New South Wales courthouses will soon be host to new solar power installations, as part of a $1.8 million roll-out that will cut energy costs and the emissions footprint of the state’s judicial buildings.
NSW attorney-general Mark Spearman said the program would fund the installation of solar projects at 23 courthouses across both metropolitan and regional townships.
“While the judicial process is taking place inside these buildings, solar panels on their rooftops will be hard at work as well, contributing to a cleaner environment and saving taxpayers’ money,” Speakman said.
“Courthouses in Stage 1 will generate an estimated 2,311MWh of electricity per year – enough to supply a significant proportion of the buildings’ power, reducing carbon emissions by the equivalent of 360 average residential households.”
Courthouses in Sydney that will host rooftop solar include Penrith, Parramatta, Bankstown, Waverley and Sutherland. Regional courthouses in Muswellbrook, Tamworth, Batemans Bay and Gosford will also be amongst those receiving solar.
The courthouses will receive rooftop solar through the program’s first stage, with some also set to receive battery storage installations and electric vehicle charging stations that support the roll-out of electric vehicles as part of the government’s own fleet.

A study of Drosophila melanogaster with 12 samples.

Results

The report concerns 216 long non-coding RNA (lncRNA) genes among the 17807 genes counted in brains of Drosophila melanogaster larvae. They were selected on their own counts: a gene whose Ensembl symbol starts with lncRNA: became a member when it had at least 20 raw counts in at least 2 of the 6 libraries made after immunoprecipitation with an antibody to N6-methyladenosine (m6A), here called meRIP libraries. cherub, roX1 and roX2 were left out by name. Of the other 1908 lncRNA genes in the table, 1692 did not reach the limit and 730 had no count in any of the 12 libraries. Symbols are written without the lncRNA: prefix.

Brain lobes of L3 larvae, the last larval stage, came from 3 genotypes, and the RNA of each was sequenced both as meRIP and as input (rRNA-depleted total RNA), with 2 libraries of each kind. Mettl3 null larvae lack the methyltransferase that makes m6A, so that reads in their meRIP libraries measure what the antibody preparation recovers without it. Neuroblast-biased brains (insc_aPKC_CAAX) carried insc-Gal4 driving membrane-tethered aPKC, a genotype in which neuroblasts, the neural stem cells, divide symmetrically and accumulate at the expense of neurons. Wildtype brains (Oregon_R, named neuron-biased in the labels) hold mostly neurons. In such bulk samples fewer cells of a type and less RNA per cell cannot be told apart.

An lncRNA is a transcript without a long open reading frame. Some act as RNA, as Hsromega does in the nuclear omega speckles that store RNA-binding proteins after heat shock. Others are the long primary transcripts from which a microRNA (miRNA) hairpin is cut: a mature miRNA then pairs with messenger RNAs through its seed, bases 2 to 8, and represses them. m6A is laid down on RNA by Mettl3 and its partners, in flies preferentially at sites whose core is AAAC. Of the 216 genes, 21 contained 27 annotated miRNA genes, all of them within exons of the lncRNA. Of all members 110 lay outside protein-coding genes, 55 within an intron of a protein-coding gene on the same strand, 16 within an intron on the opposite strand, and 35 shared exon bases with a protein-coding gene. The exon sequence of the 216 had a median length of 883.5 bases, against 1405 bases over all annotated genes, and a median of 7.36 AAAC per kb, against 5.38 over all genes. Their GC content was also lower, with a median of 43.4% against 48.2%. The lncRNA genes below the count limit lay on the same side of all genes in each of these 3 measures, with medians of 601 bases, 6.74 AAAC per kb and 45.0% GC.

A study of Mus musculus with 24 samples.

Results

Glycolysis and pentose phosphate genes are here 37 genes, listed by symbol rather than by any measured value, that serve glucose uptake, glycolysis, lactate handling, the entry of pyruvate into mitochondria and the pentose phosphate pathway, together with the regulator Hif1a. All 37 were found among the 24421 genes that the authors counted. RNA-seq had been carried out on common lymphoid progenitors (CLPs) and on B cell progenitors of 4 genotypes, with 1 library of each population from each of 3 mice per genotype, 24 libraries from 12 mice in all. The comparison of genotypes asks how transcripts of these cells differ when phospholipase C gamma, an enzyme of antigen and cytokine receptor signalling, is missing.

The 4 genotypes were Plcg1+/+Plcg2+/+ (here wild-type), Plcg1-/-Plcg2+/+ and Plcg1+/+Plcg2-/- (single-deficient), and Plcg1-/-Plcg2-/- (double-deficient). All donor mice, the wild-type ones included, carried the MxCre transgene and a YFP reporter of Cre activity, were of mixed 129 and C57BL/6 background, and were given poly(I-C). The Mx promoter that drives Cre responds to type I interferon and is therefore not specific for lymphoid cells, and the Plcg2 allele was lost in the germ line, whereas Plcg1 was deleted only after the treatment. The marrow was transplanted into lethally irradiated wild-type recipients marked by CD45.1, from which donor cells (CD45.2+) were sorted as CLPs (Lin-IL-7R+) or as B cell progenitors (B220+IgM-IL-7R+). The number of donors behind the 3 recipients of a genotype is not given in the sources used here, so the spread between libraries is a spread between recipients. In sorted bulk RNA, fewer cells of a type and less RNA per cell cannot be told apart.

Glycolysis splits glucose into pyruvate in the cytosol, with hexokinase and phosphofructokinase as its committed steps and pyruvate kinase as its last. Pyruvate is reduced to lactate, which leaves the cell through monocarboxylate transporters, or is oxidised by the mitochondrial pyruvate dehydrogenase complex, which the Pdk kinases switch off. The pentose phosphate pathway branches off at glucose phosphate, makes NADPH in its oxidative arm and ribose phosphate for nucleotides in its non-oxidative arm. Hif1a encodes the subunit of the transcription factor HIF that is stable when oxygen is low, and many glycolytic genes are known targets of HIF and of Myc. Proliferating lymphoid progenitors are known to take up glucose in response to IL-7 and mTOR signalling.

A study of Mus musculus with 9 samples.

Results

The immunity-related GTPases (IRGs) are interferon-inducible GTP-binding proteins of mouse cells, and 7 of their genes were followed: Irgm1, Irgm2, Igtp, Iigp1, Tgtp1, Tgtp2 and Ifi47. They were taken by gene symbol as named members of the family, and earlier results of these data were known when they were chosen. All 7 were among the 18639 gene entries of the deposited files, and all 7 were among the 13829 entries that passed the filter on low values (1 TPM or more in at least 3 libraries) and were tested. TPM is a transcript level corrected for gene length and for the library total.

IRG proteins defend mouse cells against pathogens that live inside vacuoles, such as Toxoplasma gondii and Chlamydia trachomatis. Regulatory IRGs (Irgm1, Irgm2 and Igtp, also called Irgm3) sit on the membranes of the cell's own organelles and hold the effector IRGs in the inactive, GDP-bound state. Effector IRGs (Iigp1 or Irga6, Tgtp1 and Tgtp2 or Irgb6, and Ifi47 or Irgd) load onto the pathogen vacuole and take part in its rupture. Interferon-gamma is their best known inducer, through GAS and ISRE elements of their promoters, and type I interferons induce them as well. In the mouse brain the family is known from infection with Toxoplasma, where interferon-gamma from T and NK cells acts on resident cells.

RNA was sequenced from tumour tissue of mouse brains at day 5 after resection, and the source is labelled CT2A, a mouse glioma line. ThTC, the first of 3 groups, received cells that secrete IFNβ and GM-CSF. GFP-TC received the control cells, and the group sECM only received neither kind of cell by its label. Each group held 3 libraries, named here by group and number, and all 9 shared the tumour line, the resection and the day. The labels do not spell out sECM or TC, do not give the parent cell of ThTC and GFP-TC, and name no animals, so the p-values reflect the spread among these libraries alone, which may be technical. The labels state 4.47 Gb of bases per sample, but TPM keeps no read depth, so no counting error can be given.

The roll-out forms part of the NSW government’s larger strategy to reduce the government’s own emissions footprint, as well as contributing to achieving a target to cut the state’s overall emissions by 50 per cent by 2030.
NSW treasurer and energy minister, Matt Kean, said the roll-out was part of a broader effort of the NSW government to integrate rooftop solar onto government buildings, adding the courthouses to previous installations at public schools and hospitals – doubling the state government’s own solar generation capacity.
“It’s great to see courts joining schools, hospitals and other government buildings in the uptake of solar energy, which will help our State more than double our solar energy generation to 126,000 megawatt-hours by 2024,” Kean said.
“The NSW Government has the nation-leading policies and plans in place to reduce our emissions by embracing solar technologies, while upskilling and supporting local workers and businesses.”
In addition to the installation of rooftop solar, the NSW government will improve the energy efficiency of the courthouses through the installation of efficient LED lighting and the use of motion sensors to control lighting to reduce energy use.
The first solar installations are expected to start early next year and completed by June 2022, with the prospect of additional courthouses receiving solar installation in the next financial year.